Archived Clinical Summary
Coronary Heart Disease: Screening with Electrocardiography
Originally published on: January 13, 2014
This recommendation statement is currently archived and inactive. It should be used for historical purposes only. Click here for copyright and source information .
Disclaimer:Recommendations made by the USPSTF are independent of the U.S. government. They should not be construed as an official position of the Agency for Healthcare Research and Quality or the U.S. Department of Health and Human Services.
Archived: Clinical Summary of U.S. Preventive Services Task Force
|Population||Asymptomatic adults at low risk for coronary heart disease (CHD) events||Asymptomatic adults at intermediate or high risk for CHD events|
Do not screen with resting or exercise electrocardiography (ECG).
Grade: I (Insufficient Evidence)
Several factors are associated with a higher risk for CHD events, including older age, male sex, high blood pressure, smoking, abnormal lipid levels, diabetes, obesity, and sedentary lifestyle. Calculators are available to ascertain a person's 10-year risk for a CHD event.
Persons with a 10-year risk >20% are considered to be high-risk, those with a 10-year risk <10% are considered to be low-risk, and those in the 10%–20% range are considered to be intermediate-risk.
|Screening Tests||Several abnormalities on resting and exercise ECG are associated with an increased risk for a serious CHD event. However, the incremental information offered by screening asymptomatic adults at low risk for a CHD event with resting or exercise ECG (beyond that obtained with conventional CHD risk factors) is highly unlikely to result in changes in risk stratification that would prompt interventions and ultimately reduce CHD-related events.|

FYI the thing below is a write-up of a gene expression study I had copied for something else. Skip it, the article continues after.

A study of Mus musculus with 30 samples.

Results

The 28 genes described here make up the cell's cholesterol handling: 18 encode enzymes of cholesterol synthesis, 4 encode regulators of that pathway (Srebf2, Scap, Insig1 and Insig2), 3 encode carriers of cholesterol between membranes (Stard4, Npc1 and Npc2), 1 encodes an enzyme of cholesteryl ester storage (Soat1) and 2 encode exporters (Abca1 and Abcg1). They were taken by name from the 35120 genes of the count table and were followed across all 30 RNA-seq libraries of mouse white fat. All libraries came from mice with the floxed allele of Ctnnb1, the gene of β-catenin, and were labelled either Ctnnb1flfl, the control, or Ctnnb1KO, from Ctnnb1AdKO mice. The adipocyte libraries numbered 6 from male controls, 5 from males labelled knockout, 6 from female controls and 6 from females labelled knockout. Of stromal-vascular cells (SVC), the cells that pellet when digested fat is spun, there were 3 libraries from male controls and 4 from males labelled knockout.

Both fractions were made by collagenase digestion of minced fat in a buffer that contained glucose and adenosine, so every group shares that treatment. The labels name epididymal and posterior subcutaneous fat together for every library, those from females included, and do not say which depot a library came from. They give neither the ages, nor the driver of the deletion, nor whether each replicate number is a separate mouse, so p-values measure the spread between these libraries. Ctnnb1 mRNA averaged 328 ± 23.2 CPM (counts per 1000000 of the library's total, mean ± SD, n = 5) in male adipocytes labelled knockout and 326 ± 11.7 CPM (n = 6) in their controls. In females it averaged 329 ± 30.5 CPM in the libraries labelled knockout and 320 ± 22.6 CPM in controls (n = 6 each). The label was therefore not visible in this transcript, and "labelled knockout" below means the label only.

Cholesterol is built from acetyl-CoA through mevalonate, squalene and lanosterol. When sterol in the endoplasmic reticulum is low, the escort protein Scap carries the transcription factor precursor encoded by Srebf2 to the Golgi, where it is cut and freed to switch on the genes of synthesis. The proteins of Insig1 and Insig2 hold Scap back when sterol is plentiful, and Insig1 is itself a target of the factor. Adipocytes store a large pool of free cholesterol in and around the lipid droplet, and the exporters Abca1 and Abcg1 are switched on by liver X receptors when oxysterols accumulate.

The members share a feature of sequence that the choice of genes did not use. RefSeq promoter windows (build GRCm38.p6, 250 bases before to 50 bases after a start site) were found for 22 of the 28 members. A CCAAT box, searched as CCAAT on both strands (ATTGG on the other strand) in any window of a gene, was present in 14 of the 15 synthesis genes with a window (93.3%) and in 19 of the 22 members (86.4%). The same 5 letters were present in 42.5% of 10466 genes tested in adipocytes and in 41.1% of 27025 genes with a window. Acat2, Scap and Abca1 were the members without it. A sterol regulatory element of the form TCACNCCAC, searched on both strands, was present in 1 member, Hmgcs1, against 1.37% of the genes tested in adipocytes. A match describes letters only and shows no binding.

|Balance of Harms and Benefits||The potential harms of screening for CHD with exercise or resting ECG equal or exceed the potential benefits in this population.||The USPSTF could not determine the balance between the benefits and harms of screening for CHD with resting or exercise ECG in this population.|
|Other Relevant USPSTF Recommendations||The USPSTF has made recommendations on screening for carotid artery stenosis, high blood pressure, lipid disorders, peripheral arterial disease, and obesity. These recommendations are available at http://www.uspreventiveservicestaskforce.org.|
For a summary of the evidence systematically reviewed in making these recommendations, the full recommendation statement, and supporting documents, please go to http://www.uspreventiveservicestaskforce.org.
Disclaimer: Recommendations made by the USPSTF are independent of the U.S. government. They should not be construed as an official position of the Agency for Healthcare Research and Quality or the U.S. Department of Health and Human Services.
Internet Citation: Clinical Summary: Coronary Heart Disease: Screening with Electrocardiography. U.S. Preventive Services Task Force. October 2014.